Matthew Harmon (HT: Justin Taylor) notes three criteria that the Church used to recognize authoritative documents (and I quote):
- Conformity to the Rule of Faith. Remember that in the first generation after Jesus the message of his life, teaching, ministry, death and resurrection was passed on orally. Over time the basic shape of that gospel message came to be referred to as the ‘[R]ule of [F]aith’. It was this understanding of the message of Jesus and its implications that became the standard by which any document was measured. So even if documents like the Gospel of Thomas or Gospel of Judas were written from the first century, the fact that their contents were out of step with the Rule of Faith made it clear they were [not] authoritative for the faith and practice of the [C]hurch.
- Apostolicity. For a document to be considered authoritative it had to either [have been] written by an apostle or by someone closely associated with one. Of the 27 New Testament documents, only four were not written by an apostle: Mark, Luke, Acts and Hebrews. Both Mark and Luke were closely associated with Paul and Peter. As for Hebrews, while some originally thought it was written by Paul, it is unclear who wrote it.
- Widespread acceptance and usage by churches everywhere. A document could not reach authoritative status if it was only recognized in one region. Only those documents that were widely distributed and recognized in a wide variety of regions within the churches scattered throughout the world were recognized as authoritative.
I want to note what the first and third of these really are. I shall then argue that these criteria actually imply that our Bible must always be understood primarily as the document of the Church, which in turn suggests that our piety with respect to holy Scripture should be primarily churchly, not individual.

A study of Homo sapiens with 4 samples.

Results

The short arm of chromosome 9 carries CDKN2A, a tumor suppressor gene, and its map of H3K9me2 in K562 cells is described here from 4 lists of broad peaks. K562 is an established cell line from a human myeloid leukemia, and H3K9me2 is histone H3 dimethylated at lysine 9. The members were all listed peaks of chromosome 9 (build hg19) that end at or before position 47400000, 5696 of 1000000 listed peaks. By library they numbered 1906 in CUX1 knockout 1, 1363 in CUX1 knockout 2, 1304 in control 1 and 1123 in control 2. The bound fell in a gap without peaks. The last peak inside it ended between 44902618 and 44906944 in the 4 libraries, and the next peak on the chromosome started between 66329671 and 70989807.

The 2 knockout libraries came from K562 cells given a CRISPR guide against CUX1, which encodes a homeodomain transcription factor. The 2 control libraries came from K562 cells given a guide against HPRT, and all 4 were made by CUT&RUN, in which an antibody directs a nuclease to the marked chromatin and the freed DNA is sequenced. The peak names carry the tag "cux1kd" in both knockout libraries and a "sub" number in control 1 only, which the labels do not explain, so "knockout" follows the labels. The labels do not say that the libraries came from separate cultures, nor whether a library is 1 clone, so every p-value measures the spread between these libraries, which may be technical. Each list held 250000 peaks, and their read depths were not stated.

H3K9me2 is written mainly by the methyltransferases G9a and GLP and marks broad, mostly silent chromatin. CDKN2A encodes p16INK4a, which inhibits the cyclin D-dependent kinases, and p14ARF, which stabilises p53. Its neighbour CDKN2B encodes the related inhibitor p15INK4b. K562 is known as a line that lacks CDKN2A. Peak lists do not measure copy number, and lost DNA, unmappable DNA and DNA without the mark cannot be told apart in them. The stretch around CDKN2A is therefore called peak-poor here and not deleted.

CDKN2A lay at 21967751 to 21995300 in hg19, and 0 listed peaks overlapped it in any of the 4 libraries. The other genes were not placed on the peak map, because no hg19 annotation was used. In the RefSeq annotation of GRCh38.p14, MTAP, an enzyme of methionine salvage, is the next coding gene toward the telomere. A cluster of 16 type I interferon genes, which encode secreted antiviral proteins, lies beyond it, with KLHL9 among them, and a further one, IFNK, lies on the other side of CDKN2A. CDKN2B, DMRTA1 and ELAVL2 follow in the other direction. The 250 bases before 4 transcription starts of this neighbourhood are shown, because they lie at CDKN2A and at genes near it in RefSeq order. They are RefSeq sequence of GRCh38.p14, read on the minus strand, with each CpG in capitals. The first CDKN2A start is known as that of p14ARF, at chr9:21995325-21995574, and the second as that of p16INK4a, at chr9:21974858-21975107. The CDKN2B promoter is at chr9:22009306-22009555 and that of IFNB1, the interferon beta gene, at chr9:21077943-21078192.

What made the Canon of Scripture
The first criterion, ‘conformity to the Rule of Faith’, really means basic orthodoxy embodied in the Apostles’ Creed. This is an exceedingly churchly criterion, to use this as a criterion to circumscribe what’s canon and what isn’t. Note, however, that this grows out of the faithful, organic life of the Church, not decrees of fiat.
The third, ‘widespread acceptance and usage by churches everywhere’, is simply summarized as catholicity. Here, too, the reference is to the Church, and more obviously so than in the first criterion.
Can the Bible exist without the Church? Certainly not, even on the closing of the Canon of Scripture. Scripture has come to mark catholicity and, in a way, to be itself delimited by the catholic faith; it also continues to exist in relation to the life of the Church that confesses the Creed of our holy fathers. In this way, though the canon of texts has already been defined, this same canonical process extends into our interpretation.
Implications for reading
Fundamentalists and believers not really living in the community of the one, holy, catholic and apostolic Church ignore these things at their peril: by recognizing the same canon of Scripture, you come under the rule that it can never be just you and your Bible. The very canonization of the holy Scriptures continually keeps the Holy Writ in the possession of the Church, not of the individual Christian.
Since the Bible isn’t really mine or yours, but rather the Church’s treasure, we must receive it and understand our reception of it first within the Church before ever we imagine that, simply because technology has made it easily the words available to us, it is primarily ours to look at. Both reading and interpretation (if we can notionally separate those two at all) are activities that find their focus not in the individual running his eyes over words inked onto a page but in the activity of the Church.
Individual Bible study, then, is not the most important encounter with holy Scripture. Neither, indeed, is group Bible study, when it consists merely of dialogue among individuals studying Scripture themselves, even when there is a leader who has prepared more than the others. These candidates eliminated as the focus of scriptural piety, what remains is the word of God as heard in public reading and exposition and sacramental enactment.
[Related: Alastair Roberts on ‘how Gutenberg took the Bible from us’.]